Sometimes a Manic Hobgoblin gets the better of me. I live in a sweet, old house in central Austin built in 1952. I travel a few times each year. I have too many pets, and love each one more than the next.
For a retro feel, the Northstar Range by Elmira Stoveworks fits just fine, but I'd want the candy apple red model 1956 P. The company also makes matching refrigerators, hoods and microwaves, I'm going to go for broke and put the whole kitchen suite on my wish-list. All in candy apple red. Please and thank you.
Model 1959 for the 1952 House
I'm off to enter every sweepstakes known to man in an attempt to afford any of the above-mentioned loveliness. Wish me luck!
Heads-up! Next week, my schedule will be a ridiculous pain-in-the-patoot with work start times at 4:00 AM. Yes, AM! I know. It hurts my feelings too.
Stock the pantry and fridge now:
chocolate covered espresso beans
cucumbers for cucumber water
beans for quick protein
organic peaches, berries, grapes
Brooklyn Roasters, Corner Donut Shop coffee K-cups
organic half and half
cheese cubes, preferably smoked gouda & mild cheddar
part skim mozzarella string cheese
kale, pepita, ginger salads
and whatever else yummy that I can't think of, but will totally crave
Also I need a new pillow, and you know how I hate shopping in person. (Shopping online is entirely different. Were shopping online an Olympic sport, I'd earn at least a silver medal.) Please get a standard size, medium support, NOT down pillow for me.
Please keep things running smoothly at the 1952 House while I make retail a prettier place to shop. Make sure the pets are fed on time and receive lots of brushing, cuddling and bootie-scratches. If you spot the feral kittens of backyard infamy, scoop them up and make them feel at home in the dressing room until I can see to them.
Please keep your mobile phone on your person at all times in case I need a breakfast taco delivery around 7:30 or 8:00 AM.
The floor around our one and only bathtub at the 1952 House creaks and groans during dry winter months. As moaned about previously, I would love a new bathtub due to the peeling glaze I applied seven years ago in an attempt to prolong the life of the now-62-year-old tub. The new bathtub need not be fancy. In fact, I have an affordable, not fancy, replacement picked out from Home Depot.
The problem lies underneath the bathtub in the form of rotted subfloor. I hosted a foundation expert last week who poked around under the piers and beams for an estimate to repair the one beam that I thought was causing the creaky bathroom floor. The one beam turned out to be one beam sitting off kilter, one pier sitting off kilter and a rotten subfloor under the bathtub area. Yikes. How did our home inspector miss all that?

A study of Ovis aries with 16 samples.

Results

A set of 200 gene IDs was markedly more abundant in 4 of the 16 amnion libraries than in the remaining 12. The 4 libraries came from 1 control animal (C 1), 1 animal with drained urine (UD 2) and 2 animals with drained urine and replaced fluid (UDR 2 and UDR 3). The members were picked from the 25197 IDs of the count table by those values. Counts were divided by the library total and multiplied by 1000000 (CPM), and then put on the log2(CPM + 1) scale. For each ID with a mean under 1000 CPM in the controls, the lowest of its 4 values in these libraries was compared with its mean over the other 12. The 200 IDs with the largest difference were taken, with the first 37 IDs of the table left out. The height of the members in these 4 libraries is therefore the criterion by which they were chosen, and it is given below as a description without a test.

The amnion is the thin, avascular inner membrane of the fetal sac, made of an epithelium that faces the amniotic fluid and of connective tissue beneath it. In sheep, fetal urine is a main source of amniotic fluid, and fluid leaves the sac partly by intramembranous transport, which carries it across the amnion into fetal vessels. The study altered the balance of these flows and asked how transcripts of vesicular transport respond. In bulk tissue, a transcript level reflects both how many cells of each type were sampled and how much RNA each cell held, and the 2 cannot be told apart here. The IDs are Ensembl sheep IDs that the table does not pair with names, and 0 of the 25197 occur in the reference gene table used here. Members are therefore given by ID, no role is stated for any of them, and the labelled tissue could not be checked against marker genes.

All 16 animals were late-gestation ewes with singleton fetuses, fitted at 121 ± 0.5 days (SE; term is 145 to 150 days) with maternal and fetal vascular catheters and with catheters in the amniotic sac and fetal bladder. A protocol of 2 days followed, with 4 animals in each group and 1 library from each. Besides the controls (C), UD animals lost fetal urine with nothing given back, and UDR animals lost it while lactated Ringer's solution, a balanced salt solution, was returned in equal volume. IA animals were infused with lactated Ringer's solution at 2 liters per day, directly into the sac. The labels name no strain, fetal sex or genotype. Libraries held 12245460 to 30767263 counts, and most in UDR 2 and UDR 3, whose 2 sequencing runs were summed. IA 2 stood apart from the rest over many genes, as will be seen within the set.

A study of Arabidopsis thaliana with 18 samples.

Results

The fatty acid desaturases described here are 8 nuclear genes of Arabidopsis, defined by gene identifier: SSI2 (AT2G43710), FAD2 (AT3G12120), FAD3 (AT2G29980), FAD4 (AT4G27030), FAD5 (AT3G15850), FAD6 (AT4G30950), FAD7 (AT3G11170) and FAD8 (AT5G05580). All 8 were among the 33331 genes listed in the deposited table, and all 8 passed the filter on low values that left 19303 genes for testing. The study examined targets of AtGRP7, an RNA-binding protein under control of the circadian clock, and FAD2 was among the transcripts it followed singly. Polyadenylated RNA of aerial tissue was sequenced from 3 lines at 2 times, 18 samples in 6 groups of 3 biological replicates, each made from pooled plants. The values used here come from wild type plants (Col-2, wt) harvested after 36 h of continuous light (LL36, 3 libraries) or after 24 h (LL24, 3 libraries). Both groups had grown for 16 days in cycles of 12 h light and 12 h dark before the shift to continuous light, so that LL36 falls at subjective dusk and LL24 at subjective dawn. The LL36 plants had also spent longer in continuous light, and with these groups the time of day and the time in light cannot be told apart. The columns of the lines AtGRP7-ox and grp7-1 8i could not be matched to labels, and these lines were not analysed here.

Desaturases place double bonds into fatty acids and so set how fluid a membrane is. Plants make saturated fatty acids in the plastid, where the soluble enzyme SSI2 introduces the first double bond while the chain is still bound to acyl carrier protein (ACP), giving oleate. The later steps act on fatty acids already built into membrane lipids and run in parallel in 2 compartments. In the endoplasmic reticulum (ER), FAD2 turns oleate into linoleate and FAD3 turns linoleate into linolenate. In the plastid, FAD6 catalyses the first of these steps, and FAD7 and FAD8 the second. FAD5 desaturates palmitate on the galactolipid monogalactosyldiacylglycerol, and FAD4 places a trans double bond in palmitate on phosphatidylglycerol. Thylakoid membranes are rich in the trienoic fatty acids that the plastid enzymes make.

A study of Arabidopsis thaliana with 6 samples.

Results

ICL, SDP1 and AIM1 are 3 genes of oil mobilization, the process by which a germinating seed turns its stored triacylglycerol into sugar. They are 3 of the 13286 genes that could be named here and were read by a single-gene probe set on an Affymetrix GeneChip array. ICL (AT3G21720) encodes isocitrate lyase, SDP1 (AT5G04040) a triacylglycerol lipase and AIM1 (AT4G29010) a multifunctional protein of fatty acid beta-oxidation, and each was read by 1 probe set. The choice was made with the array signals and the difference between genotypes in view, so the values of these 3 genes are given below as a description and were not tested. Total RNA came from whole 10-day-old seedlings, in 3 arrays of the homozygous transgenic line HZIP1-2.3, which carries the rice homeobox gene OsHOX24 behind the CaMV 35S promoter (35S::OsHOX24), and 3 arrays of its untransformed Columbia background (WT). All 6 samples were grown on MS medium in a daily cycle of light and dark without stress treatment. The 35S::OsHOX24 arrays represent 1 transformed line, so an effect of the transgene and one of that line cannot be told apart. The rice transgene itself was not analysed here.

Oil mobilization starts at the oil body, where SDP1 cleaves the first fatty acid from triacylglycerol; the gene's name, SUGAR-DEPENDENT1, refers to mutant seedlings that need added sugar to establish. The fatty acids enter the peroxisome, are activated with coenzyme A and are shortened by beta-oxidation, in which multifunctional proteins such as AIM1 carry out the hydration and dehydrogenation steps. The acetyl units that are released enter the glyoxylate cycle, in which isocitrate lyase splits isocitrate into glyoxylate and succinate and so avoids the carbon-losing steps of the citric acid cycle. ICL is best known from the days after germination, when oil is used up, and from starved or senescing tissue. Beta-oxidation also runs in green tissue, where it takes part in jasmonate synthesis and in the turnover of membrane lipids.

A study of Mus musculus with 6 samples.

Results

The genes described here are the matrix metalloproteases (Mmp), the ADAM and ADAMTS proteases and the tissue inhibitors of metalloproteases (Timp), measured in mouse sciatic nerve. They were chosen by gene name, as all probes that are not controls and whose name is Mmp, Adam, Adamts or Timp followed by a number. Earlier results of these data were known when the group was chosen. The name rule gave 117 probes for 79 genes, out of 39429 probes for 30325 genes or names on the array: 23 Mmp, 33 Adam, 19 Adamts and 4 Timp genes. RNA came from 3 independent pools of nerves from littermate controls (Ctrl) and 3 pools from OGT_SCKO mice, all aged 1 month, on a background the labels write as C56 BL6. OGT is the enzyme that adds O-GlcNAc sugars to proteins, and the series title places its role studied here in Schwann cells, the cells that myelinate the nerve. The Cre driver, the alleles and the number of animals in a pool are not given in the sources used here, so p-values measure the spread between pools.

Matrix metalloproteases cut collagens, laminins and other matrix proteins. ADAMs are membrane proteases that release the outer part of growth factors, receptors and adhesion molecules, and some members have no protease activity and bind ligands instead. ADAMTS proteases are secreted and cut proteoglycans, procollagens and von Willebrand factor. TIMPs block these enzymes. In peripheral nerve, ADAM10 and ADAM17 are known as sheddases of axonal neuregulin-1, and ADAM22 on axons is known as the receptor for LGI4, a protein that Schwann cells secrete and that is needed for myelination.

To install a new bathtub, we have to be ready for several contingencies: repair the one beam and one pier; rip out the old bathtub and some surrounding tiles to see how far the rotten subfloor extends; possibly remove the one and only toilet and all surrounding tile if the rotten subfloor extends to that area; possibly rip out the bathroom sink and all surrounding tile if the rotten subfloor extends to that area. Then put it all back together with the new subfloor and new tub.
Chad and I were prepared to shower at the gym for a few days to accommodate the new tub installation. However, with this new information, we are not prepared to open the floor of the one and only bathroom at the 1952 House for goodness knows how long. We are not prepared to trek to our respective gyms every time we need to use the toilet. I also refuse to put a port-o-potty in the yard. REFUSE.
That know-it-all, Hindsight, keeps nagging me that we should have replaced the bathtub when we first bought the 1952 House and redid the bathroom. Live and learn. Our next house will have more than one toilet, and will feature a bathtub made and installed in the twenty-first century.
For the time being, I'm going to learn to love showers, ignore the peeling glaze on the tub, ignore the creaky bathroom floor, and do my very best to ignore the elephant in our one and only bathroom.
Urban Achievers brass band played jazzy-pop songs before the show. (Even the tuba player manages to dance as he does solos. What a fun spectacle to behold!) A guy dressed as Pee Wee ran up for a brief introduction of the film, informing us that "today's secret word is Pee Wee". *aaahhhhhh* *waves jazz-hands in the air* Cyclists road past along the trails of Town Lake/Ladybird Lake, one cyclist giving a loud Pee Wee Herman laugh as he cruised behind the big screen.
I mention our attendance of something outside, because Chad and I increasingly find ourselves hiding at home, basking in the comfort of air-conditioning and refrigerated beverages. Thus far, this summer is nice and mild. We need to pry ourselves out of the 1952 House and enjoy Austin.
My pal, Tracy, of mystery dinner theatre fame/infamy, loaned us a few humane traps for the kittens spotted in our backyard last week. (Three separate trips to the Austin Humane Society yielded no traps, as they are all out on loan for the booming kitten season.) Despite baiting the traps with delicious, mushy salmon kitten foods, there were no nibbles. We kept Sonic inside, so as not to scare the kittens, and so as not to have to free him from the traps umpteen times each night.
Yesterday morning just before I went to clean out the traps and unset them for the day, I spotted a prosperous raccoon climbing down from the backdoor neighbor's roof line. As cute as raccoons are with their little masks, thumbs and fuzzy selves, I don't want to catch one. I fully acknowledge that a wild raccoon is more likely to bite my face and give me rabies, than to bring it in for cuddles.
I admit defeat. Sonic, Chad and I scared those kittens away from ever returning to the 1952 House. I hope someone else scooped them out of harm's way and started feeding them.